The Aerocon Wingship: 7 stunning images of DARPA's 'huge' answer to the Russian Ekranoplan
- DARPA once considered building a bigger, meaner version of the famous Russian Ekranoplan
- It would have been enormous and would carry helicopters, tanks, and troops
- A commercial variant was also considered, but the entire project was scrapped due to its excessive cost
The Aerocon Wingship, which was twice as big as a jumbo jet, had the potential to revolutionize aviation. If it had ever been realized, it would have dwarfed the largest airliners in the world.
400 tons and 566-feet-long (172.5 meters), this mighty machine was a design financed by the U.S. Defense Advanced Research Projects (DARPA) with lofty goals to transport thousands of passengers and 1,500 tons of goods close to the sea surface.
With 20 rocket engines mounted on wings close to the plane's nose, engineers estimated that the enormous aircraft could fly around 12,000 miles (19,312 km).
The surface-hugging aircraft would operate by employing a principle known as the "ground effect", which forms an air bubble beneath the vessel. This would allow the Aerocon to hover just above the water's surface, unlike airplanes, which travel thousands of feet in the air.
This effect is comparable to a hovercraft but allows for far faster and more stable travel, opening the door for potentially enormous flying ships like the Aerocon Wingship.
But because of its tremendous range, it could also travel nonstop from the U.S. to practically everywhere, including China, Japan, and Australia.
Additionally, it could haul 30 times as much weight as a Boeing 747 while flying at aircraft-level speeds and skimming up to 100 feet above the ocean.
It was planned that the aircraft would be opulent, carrying rooms, bars, and restaurants much like a massive flying hotel or cruise ship. The Wingship could also pull up to the dock and open its back doors like a roll-on, roll-off ferry, allowing people to possibly even bring their cars.
Only one of the beast's experimental ground effect vehicles, which could reach speeds of 311 mph (500 kph), was ever constructed because the Kremlin lost interest in the plane.
Hooker, on the other hand, believed he could do better and concocted his Wingship, which was 10 times larger than the "Sea Monster".
When it first debuted in the 1990s, he anticipated that his device could transport passengers across the Atlantic for as little as £60 ($72.4) per ticket.
Furthermore, Hooker found that the bigger, the better rule really applied because of the way the ground effect notion functions. He told Popular Mechanics, “in order to build a large aircraft, I have to build a huge aircraft.”
"You really have to be motivated to do, but if one took that step, it would have a commercial pay off," he added.
It was ambitious and would have cost a small fortune to build
However, the project's start-up costs were staggering—up to $600 million. Additionally, the U.S. military explored purchasing 13 aircraft for a total cost of $15 billion.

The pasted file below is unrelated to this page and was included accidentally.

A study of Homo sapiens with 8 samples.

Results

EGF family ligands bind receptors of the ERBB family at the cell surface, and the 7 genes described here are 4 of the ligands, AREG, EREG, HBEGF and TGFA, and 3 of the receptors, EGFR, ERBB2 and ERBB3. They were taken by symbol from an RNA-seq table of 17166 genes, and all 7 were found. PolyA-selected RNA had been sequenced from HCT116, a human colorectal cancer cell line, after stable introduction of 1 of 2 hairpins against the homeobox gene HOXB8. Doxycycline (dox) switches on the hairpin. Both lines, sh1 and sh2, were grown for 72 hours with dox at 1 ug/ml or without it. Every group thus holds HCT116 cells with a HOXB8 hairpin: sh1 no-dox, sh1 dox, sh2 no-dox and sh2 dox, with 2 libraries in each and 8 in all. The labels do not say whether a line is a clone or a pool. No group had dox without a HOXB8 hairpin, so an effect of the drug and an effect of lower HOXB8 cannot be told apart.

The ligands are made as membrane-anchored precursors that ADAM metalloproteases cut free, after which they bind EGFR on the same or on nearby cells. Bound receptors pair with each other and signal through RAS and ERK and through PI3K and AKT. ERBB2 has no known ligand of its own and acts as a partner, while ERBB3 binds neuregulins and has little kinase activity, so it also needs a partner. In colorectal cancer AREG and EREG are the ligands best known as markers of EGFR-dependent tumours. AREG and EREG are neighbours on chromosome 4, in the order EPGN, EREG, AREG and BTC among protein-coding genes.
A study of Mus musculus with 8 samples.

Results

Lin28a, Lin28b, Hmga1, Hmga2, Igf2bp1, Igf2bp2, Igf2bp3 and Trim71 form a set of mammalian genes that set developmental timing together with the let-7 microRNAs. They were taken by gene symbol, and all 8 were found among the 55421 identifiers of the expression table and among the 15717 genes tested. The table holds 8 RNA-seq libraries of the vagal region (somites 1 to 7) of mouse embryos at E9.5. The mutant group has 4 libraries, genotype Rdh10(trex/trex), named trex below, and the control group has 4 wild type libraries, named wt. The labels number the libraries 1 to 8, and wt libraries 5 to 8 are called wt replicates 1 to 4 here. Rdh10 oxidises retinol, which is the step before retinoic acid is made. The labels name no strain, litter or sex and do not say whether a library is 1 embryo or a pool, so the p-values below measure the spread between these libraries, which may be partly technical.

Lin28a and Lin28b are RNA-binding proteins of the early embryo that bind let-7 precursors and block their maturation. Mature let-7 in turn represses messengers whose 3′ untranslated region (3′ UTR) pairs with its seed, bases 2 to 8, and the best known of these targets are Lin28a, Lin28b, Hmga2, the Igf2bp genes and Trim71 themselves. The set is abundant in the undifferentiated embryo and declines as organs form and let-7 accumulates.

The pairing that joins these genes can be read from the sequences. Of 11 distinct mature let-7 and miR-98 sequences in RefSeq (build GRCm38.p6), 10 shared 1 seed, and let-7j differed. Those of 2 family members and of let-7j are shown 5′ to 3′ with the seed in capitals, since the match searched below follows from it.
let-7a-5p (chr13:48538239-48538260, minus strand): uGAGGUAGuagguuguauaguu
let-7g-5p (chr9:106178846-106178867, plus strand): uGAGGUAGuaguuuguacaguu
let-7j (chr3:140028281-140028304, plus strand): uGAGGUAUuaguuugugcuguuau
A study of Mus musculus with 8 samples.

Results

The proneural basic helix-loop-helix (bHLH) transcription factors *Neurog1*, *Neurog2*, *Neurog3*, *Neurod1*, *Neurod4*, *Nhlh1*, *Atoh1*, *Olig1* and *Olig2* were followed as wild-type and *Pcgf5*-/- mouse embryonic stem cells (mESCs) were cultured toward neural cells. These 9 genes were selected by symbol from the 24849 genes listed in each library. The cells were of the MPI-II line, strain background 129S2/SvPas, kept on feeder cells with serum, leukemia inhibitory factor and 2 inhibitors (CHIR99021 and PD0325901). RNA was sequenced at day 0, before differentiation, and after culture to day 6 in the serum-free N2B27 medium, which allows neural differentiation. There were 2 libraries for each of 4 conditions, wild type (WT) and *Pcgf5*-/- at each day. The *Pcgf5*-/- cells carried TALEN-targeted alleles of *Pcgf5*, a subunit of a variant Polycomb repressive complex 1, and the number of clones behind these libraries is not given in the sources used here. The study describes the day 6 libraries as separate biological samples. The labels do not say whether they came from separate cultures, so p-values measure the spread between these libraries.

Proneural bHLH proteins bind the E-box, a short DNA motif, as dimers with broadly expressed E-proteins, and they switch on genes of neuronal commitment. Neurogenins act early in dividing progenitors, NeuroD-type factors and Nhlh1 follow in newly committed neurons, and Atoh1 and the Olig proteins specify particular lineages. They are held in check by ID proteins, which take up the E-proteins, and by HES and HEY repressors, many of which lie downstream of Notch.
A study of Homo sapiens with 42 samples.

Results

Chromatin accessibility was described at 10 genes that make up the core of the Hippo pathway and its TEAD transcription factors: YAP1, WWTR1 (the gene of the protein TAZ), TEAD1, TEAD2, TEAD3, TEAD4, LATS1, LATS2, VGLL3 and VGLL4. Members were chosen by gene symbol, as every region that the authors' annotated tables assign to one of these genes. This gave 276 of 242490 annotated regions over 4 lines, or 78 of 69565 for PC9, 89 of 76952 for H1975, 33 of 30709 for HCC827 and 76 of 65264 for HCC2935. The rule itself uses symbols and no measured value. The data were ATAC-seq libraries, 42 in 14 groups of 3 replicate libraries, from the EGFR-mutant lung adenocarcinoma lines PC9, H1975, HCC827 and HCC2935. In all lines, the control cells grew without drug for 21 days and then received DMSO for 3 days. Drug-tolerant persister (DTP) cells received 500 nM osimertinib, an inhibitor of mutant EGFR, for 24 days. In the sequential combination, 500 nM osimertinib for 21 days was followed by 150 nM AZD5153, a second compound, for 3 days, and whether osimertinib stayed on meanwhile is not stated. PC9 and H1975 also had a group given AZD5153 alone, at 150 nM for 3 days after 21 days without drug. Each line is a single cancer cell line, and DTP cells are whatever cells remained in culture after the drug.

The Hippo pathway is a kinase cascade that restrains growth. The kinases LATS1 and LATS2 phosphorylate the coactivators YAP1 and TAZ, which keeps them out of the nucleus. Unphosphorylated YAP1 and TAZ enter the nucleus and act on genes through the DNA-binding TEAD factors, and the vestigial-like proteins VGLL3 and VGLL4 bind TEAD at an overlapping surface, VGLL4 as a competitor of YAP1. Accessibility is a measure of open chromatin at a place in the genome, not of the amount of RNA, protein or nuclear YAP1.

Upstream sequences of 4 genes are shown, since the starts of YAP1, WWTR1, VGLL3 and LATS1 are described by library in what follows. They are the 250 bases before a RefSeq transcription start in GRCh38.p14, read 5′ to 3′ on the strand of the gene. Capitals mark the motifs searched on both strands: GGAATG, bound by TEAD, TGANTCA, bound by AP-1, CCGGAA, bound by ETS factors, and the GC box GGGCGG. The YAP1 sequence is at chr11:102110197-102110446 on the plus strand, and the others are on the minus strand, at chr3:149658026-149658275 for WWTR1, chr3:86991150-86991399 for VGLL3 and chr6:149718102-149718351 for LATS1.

The Pentagon was highly intrigued by the DARPA-funded idea because it might potentially be a huge fast response troop carrier.
The vehicle's capacity was projected to be 32 helicopters, 20 tanks, four landing craft, and about 2,000 soldiers.
“We've never built anything on this scale”, program manager Lt. Col. Michael F. Francis told the Los Angeles Times. The Wingship might be transported into disaster areas as a sizable flying hospital.
Hooker also noted that "the stern of the ship opens up, and the hospital could be rolled on or off."
"The upper level would house the infirmary, and below would be the operating room and other facilities," he told the LA Times.
What is the 'ground effect'?
For fixed-wing aircraft, the reduced aerodynamic drag that an airplane's wings produce while it is near a fixed surface is known as the "ground effect". When in "ground effect" during takeoff, reduced drag might lead the airplane to "float" while traveling slower than the advised climb speed.
The aircraft will then accelerate in ground effect as the pilot flies close to the runway until a safe climb speed is obtained. Designers were mesmerized by ground effect vehicles, particularly in the Soviet Union, but the idea was never fully realized outside the drawing board.
The so-called “Caspian Sea Monster” was one of the huge wingships the Russians intended to construct.
However, the persistent economic issues that ultimately resulted in the Soviet Union's demise grounded the project. Sadly, DARPA canceled the billion-dollar project in the 1990s, so the genuinely enormous Aerocon never got to hurtle over the world's oceans.
While it was never meant to be, we can still imagine what it may have looked like in real life thanks to the work of artists like Tim Samedov. He is a graphic designer who created the amazing 3D model of the Aerocon featured in this article, and would like to thank him for his hard work in bringing the ship to life.
Science has stepped in to prove biblical events happened – not for the first time either.